Monday, November 1, 2010

A Place of Mercy and Grace

The pastor who preached at my husband's installation is familiar with the miserable situation out of which we came. After the service we spoke briefly and he assured me that there would be challenges at this new congregation, "but I pray this will be a place of mercy and grace for you."

I think of that often. So far it seems to be so. The general mood of the place seems to be confidence in God's work among and through the congregation.

A couple of weeks ago we had a visiting pastor. His sermon referenced the parable of the pharisee and the tax collector from Luke chapter 18:
To some who were confident of their own righteousness and looked down on everyone else, Jesus told this parable: “Two men went up to the temple to pray, one a Pharisee and the other a tax collector. The Pharisee stood by himself and prayed: ‘God, I thank you that I am not like other people—robbers, evildoers, adulterers—or even like this tax collector. I fast twice a week and give a tenth of all I get.’

“But the tax collector stood at a distance. He would not even look up to heaven, but beat his breast and said, ‘God, have mercy on me, a sinner.’

“I tell you that this man, rather than the other, went home justified before God. For all those who exalt themselves will be humbled, and those who humble themselves will be exalted.”

How often, in our last congregation, I felt like the tax collector! It's strange for me to say, since I grew up attending church and have, as far as anyone else could tell, a well-behaved life. But there I constantly felt inadequate.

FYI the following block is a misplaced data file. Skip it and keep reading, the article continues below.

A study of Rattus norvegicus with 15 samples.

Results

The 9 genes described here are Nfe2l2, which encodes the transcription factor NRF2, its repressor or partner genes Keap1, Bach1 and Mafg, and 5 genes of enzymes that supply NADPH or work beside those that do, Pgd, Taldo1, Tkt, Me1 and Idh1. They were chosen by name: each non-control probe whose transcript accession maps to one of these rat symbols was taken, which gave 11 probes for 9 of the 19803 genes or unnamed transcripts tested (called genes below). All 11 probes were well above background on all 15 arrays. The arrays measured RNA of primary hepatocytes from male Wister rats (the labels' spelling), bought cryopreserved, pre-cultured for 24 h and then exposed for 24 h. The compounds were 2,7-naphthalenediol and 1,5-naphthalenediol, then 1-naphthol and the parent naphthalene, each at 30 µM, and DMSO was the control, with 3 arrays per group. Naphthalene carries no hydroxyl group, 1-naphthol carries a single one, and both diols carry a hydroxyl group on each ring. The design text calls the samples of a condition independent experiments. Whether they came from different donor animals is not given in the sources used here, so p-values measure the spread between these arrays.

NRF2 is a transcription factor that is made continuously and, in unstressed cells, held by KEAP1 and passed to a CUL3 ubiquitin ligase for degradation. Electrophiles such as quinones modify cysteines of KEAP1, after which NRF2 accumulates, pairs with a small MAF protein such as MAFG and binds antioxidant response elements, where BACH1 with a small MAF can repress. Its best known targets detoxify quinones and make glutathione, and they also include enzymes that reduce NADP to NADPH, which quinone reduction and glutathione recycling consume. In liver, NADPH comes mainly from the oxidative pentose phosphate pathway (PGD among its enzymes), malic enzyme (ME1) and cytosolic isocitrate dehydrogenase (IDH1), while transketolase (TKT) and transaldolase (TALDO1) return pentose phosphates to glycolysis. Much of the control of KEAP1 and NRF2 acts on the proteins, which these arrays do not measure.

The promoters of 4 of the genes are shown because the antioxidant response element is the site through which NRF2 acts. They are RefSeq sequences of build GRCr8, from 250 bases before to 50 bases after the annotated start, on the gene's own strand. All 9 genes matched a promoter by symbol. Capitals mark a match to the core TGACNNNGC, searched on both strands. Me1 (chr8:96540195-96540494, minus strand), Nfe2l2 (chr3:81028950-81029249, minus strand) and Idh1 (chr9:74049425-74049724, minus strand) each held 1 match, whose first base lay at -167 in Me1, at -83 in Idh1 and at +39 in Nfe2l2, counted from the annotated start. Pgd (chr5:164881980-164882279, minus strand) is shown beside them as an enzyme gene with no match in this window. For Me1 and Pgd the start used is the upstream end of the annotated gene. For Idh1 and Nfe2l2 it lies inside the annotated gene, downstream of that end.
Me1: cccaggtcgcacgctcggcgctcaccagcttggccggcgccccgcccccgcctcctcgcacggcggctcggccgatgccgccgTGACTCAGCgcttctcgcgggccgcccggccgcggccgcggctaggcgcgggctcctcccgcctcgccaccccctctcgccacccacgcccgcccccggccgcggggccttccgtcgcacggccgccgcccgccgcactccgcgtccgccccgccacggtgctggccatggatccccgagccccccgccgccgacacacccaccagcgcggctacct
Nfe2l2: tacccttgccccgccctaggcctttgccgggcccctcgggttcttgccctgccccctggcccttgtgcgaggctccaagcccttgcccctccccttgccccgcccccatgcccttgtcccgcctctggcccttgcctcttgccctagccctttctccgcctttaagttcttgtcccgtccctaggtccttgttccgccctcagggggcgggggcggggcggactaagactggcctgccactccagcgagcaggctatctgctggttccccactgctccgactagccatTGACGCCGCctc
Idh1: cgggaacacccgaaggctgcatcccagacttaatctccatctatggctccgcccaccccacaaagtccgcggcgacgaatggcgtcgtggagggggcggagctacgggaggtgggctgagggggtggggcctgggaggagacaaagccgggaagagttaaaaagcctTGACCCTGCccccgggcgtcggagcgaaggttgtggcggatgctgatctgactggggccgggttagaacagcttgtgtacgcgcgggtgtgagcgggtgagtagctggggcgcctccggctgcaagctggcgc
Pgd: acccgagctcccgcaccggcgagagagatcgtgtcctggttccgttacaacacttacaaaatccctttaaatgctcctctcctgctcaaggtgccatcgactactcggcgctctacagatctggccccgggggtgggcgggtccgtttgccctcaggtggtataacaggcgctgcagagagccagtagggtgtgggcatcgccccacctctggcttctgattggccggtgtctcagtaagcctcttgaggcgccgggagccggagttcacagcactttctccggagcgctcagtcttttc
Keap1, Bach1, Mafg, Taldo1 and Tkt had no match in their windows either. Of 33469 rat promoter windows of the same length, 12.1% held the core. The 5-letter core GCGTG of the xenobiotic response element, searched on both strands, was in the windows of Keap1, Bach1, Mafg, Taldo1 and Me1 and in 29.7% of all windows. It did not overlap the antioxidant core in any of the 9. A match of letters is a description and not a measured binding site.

The tone of the sr. pastor's sermons, conversations, aspirations for the congregation seemed to be that the members of our church were set apart, closer to God than others. I would not have been surprised to hear him say in a sermon, "God, I thank you that the people of this congregation are not like other people. We follow your laws and deserve your attention. Help us make other people more like us."

It sounds so appalling that you'd think some among us could have rioted, but in practice it is insidious. It happens gradually, it's hard to identify exactly what's going on, and then one day you wake up and realize you feel less than. Less good than other people in your church. Less obedient. Less worthy of any blessings.

Being now in a congregation that, to my eyes, seems loving and merciful and humble causes me a different kind of pain. I am ever more aware of how lacking mercy and humility our last congregation was. I grieve for the years we spent there and for the dear people who might be misled by what is happening there.


  1. I'm trying to figure out what's bad about identifying with the tax collector. What's wrong with feeling inadequate? So I'm less than others. So what? What matters is the ANSWER to our unworthiness. What matters is the solution -- is it in me or in Christ?

  2. Of course you're right, Susan. Spiritually it is good to identify with the tax collector. Socially, it's not so great. I was thinking of the tax collector in relation to the pharisee, not in relation to God. That the pharisee's self-righteousness marginalized the tax collector in the place of worship.


Thanks for using this space to share your encouraging words.